Called also: SHORE LARK
Length-7.5 to 8 inches. About one-fifth smaller than the robin.
MaleUpper parts dull brown, streaked with lighter on edges and tinged with pink or vinaceous ; darkest on back of head, neck, shoulders, and nearest the tail. A few erectile feathers on either side of the head form slight tufts or horns that are wanting in female. A black mark from the base of the bill passes below the eye and ends in a horn-shaped curve on cheeks, which are yellow. Throat clear yellow. Breast has crescent-shaped black patch. Underneath soiled white, with dusky spots on lower breast. Tail black, the outer feathers margined with white, noticed in, flight.
FemaleHas yellow eye-stripe; less prominent markings, especially on head, and is a trifle smaller.
RangeNortheastern parts of North America, and in winter from Ohio and eastern United States as far south as North Carolina.
MigrationsOctober and November. March. Winter resident.
Far away to the north in Greenland and Labrador this true lark, the most beautiful of its genus, makes its summer home. There it is a conspicuously handsome bird with its pinkish-gray and chocolate feathers, that have greatly faded into dull browns when we see them in the late autumn. In the far north only does it sing, and, according to Audubon, the charming song is flung to the breeze while the bird soars like a skylark. In the United States we hear only its call-note.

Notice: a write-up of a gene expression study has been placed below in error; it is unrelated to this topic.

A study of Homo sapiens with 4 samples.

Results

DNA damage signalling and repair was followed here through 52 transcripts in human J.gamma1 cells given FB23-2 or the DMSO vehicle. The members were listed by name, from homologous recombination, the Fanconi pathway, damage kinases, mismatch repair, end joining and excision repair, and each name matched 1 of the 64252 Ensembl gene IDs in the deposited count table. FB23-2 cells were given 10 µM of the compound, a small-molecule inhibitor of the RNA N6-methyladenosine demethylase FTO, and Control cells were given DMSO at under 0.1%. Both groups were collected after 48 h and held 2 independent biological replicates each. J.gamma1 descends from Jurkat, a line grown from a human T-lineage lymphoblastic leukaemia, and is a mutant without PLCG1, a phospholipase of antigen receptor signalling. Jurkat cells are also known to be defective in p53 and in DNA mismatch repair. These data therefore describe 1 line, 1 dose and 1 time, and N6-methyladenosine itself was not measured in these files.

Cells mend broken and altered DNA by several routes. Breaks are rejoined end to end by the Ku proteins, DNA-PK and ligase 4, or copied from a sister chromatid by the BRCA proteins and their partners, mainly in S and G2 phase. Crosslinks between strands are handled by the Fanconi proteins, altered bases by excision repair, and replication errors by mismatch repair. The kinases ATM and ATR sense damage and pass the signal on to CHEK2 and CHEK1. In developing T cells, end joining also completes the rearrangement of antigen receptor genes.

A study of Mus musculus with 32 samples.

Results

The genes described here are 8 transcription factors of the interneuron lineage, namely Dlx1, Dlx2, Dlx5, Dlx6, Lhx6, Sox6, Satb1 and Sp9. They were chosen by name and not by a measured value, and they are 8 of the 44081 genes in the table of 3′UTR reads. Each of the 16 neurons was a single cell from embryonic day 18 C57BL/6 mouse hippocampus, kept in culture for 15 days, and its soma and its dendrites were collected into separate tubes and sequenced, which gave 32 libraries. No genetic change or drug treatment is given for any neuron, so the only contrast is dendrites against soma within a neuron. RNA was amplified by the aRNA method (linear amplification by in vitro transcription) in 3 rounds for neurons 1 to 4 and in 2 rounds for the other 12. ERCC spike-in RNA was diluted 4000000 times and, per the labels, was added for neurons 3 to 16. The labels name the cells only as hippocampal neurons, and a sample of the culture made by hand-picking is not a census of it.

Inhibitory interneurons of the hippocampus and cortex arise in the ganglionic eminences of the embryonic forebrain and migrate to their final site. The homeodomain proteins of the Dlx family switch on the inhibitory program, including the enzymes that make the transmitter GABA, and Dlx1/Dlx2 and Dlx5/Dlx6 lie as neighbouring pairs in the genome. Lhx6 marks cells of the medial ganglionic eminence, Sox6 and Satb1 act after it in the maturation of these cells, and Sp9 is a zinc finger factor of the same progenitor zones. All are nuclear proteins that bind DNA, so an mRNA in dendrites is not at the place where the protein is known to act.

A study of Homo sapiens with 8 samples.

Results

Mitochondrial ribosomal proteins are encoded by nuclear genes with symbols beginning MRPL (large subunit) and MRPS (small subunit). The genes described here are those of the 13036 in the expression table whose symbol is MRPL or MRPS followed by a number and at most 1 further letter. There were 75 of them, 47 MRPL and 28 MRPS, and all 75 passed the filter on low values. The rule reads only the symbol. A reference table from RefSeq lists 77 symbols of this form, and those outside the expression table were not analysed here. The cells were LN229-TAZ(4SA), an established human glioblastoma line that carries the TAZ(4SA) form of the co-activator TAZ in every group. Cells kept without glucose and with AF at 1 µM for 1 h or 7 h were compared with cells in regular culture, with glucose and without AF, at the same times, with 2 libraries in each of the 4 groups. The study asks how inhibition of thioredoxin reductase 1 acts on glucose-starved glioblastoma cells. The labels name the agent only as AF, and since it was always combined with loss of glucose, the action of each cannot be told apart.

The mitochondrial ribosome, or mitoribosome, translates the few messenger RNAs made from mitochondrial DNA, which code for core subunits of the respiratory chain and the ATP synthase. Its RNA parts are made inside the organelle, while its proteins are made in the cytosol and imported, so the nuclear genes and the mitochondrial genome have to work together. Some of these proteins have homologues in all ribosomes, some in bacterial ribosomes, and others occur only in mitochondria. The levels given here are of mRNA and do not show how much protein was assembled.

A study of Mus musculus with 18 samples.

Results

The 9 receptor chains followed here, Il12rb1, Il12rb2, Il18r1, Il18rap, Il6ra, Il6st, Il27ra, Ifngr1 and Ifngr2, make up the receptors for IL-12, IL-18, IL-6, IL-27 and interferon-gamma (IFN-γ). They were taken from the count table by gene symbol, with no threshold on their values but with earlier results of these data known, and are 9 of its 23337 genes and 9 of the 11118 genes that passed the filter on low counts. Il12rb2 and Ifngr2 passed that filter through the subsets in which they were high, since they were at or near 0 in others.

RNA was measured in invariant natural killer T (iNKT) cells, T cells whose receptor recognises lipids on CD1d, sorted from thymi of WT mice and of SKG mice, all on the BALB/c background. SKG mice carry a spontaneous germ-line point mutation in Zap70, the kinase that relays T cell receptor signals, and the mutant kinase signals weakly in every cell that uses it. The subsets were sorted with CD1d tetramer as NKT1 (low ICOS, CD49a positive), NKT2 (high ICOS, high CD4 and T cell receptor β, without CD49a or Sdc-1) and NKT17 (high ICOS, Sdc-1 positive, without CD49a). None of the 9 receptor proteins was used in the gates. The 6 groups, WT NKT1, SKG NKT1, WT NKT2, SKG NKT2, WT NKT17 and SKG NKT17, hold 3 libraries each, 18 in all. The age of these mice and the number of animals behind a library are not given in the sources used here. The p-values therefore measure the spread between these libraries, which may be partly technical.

Great flocks come down the Atlantic coast in October and November, and separate into smaller bands that take up their residence in sandy stretches and open tracts near the sea or wherever the food supply looks promising, and there the larks stay until all the seeds, buds of bushes, berries, larvae, and insects in their chosen territory are exhausted. They are ever conspicuously ground birds, walkers, and when disturbed at their dinner, prefer to squat on the earth rather than expose themselves by flight. Sometimes they run nimbly over the frozen ground to escape an intruder, but flying they reserve as a last resort. When the visitor has passed they quickly return to their dinner. If they were content to eat less ravenously and remain slender, fewer victims might be slaughtered annually to tickle the palates of the epicure. It is a mystery what they find to fatten upon when snow covers the frozen ground. Even in the severe midwinter storms they will not seek the protection of the woods, but always prefer sandy dunes with their scrubby undergrowth or open meadow lands. Occasionally a small flock wanders toward the farms to pick up seeds that are blown from the hayricks or scattered about the barn-yard by overfed domestic fowls.
The Prairie Horned Lark (Otocoris alpestris praticola) is similar to the preceding, but a trifle smaller and paler, with a white instead of a yellow streak above the eye, the throat yellowish or entirely white instead of sulphur-yellow, and other minor differences. It has a far more southerly range, confined to north-ern portions of the United States from the Mississippi eastward. Once a distinctly prairie bird, it now roams wherever large stretches of open country that suit its purposes are cleared in the East, and remains resident. This species also sings in midair on the wing, but its song is a crude, half-inarticulate affair, barely audible from a height of two hundred feet.